Just when you thought sexist dress codes were relegated to schools, United Airlines proves that the patriarchy is alive and well. Of course, you already knew that.
Dress codes in schools have been disgustingly sexualizing young girls for basically their entire existence. Crazy how boys can wear whatever they want but if a girl wears something that shows her shoulders all hell breaks lose. In recent years there’s been an influx of students standing up to unfair dress codes at their schools–claiming that schools should just teach boys to stop getting “distracted” by girls instead of making the girls tailor their clothing around the boys.
But this weekend, United Airlines proved that young girls can’t even travel without the patriarchy telling them what is and isn’t okay to wear. It all started when a bystander saw a few girls being told by United Airlines that they couldn’t wear leggings on a flight–something probably many of us have done ourselves in order to be, you know, comfortable while hurling through the air in a steel tube.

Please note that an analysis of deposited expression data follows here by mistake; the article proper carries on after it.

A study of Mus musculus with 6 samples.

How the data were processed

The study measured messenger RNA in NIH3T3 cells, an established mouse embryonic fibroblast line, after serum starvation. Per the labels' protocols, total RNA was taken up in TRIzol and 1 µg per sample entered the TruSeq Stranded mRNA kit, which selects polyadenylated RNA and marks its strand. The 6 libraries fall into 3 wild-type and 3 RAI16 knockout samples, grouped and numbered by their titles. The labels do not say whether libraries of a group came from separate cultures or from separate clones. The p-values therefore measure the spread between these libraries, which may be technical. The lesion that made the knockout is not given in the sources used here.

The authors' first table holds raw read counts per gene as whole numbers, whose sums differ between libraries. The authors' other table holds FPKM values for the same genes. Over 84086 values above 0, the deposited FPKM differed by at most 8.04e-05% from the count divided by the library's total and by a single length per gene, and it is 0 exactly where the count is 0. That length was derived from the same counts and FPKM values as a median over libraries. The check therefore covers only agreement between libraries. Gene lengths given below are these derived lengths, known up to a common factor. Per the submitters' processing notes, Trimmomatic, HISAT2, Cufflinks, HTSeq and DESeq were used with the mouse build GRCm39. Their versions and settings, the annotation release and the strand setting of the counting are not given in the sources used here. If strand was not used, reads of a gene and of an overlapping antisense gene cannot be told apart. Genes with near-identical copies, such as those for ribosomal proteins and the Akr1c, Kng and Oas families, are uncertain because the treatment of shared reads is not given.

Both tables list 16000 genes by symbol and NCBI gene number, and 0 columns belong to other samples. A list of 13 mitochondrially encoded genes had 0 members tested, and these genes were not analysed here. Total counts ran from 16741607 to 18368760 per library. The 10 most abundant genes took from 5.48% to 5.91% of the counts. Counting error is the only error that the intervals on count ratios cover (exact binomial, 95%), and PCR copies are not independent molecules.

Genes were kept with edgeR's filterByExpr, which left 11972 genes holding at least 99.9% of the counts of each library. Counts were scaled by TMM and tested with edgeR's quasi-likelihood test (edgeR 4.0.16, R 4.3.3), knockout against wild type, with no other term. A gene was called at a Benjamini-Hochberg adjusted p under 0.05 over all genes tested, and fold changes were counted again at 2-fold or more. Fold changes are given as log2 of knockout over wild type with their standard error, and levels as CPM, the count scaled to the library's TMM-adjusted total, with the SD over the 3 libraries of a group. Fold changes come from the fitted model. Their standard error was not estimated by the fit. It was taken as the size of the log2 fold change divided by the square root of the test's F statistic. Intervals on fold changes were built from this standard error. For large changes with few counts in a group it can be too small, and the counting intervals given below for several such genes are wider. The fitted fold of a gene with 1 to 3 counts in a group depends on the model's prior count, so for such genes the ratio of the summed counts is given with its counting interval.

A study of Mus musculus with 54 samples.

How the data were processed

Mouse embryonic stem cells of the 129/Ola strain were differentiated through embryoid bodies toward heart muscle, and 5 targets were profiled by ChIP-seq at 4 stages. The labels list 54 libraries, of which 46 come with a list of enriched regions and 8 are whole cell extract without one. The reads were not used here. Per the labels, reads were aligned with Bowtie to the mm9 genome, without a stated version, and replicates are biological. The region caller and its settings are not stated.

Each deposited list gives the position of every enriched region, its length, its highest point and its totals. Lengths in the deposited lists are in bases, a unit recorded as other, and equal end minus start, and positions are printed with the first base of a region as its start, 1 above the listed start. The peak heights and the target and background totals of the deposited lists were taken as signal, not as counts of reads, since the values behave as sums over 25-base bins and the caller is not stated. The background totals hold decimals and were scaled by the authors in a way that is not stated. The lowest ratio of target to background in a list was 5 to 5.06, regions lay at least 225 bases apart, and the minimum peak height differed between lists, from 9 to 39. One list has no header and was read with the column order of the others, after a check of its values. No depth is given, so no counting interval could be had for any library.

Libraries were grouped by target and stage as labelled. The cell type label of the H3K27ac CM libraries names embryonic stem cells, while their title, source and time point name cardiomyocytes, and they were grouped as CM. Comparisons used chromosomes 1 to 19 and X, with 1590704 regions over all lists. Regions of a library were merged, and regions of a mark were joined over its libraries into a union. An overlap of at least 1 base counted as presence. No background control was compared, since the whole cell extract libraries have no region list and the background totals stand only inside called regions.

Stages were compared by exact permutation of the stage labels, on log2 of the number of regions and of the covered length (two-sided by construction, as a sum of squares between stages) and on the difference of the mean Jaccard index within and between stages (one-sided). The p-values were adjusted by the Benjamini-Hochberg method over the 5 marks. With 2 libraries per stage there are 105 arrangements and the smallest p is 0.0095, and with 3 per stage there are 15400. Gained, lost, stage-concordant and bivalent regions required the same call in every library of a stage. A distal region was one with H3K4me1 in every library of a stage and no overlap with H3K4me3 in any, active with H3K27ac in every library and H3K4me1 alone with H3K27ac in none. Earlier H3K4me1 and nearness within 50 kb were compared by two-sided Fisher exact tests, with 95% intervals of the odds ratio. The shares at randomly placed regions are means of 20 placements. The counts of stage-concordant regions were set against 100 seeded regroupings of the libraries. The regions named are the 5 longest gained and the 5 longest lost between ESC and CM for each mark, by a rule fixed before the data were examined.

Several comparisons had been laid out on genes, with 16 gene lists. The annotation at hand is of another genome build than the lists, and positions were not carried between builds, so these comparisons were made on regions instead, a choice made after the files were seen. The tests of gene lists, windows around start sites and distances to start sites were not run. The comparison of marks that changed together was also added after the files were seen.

Of course, she tweeted this interaction:
But don’t worry, United responded pretty quickly–doubling-down on this policy.
You’re probably thinking that maybe this was an entirely inappropriate outfit worn by an adult woman. Well…not exactly.
And by that time the entire thing had gone viral, and just about anyone who had flown United was weighing in.
And Watts found herself under attack for tweeting about the incident.
United later claimed that the passengers were United pass holders–meaning they were employees or eligible dependents and are required to wear “business attire” on flights. But what is “business attire” for a kid?!
Thank goodness for Patricia Arquette, amirite?! It seems like a strange time to enforce the dress code. The point is that women and girls are pretty much always the ones who have dress codes enforced on them. And the last thing that these young girls needed was more attention and scrutiny on them because of what they were wearing.
So hey there United, why not take a look at what you’ve just said to a bunch of young girls and then go put yourself in time out for your actions to save us the trouble of boycotting.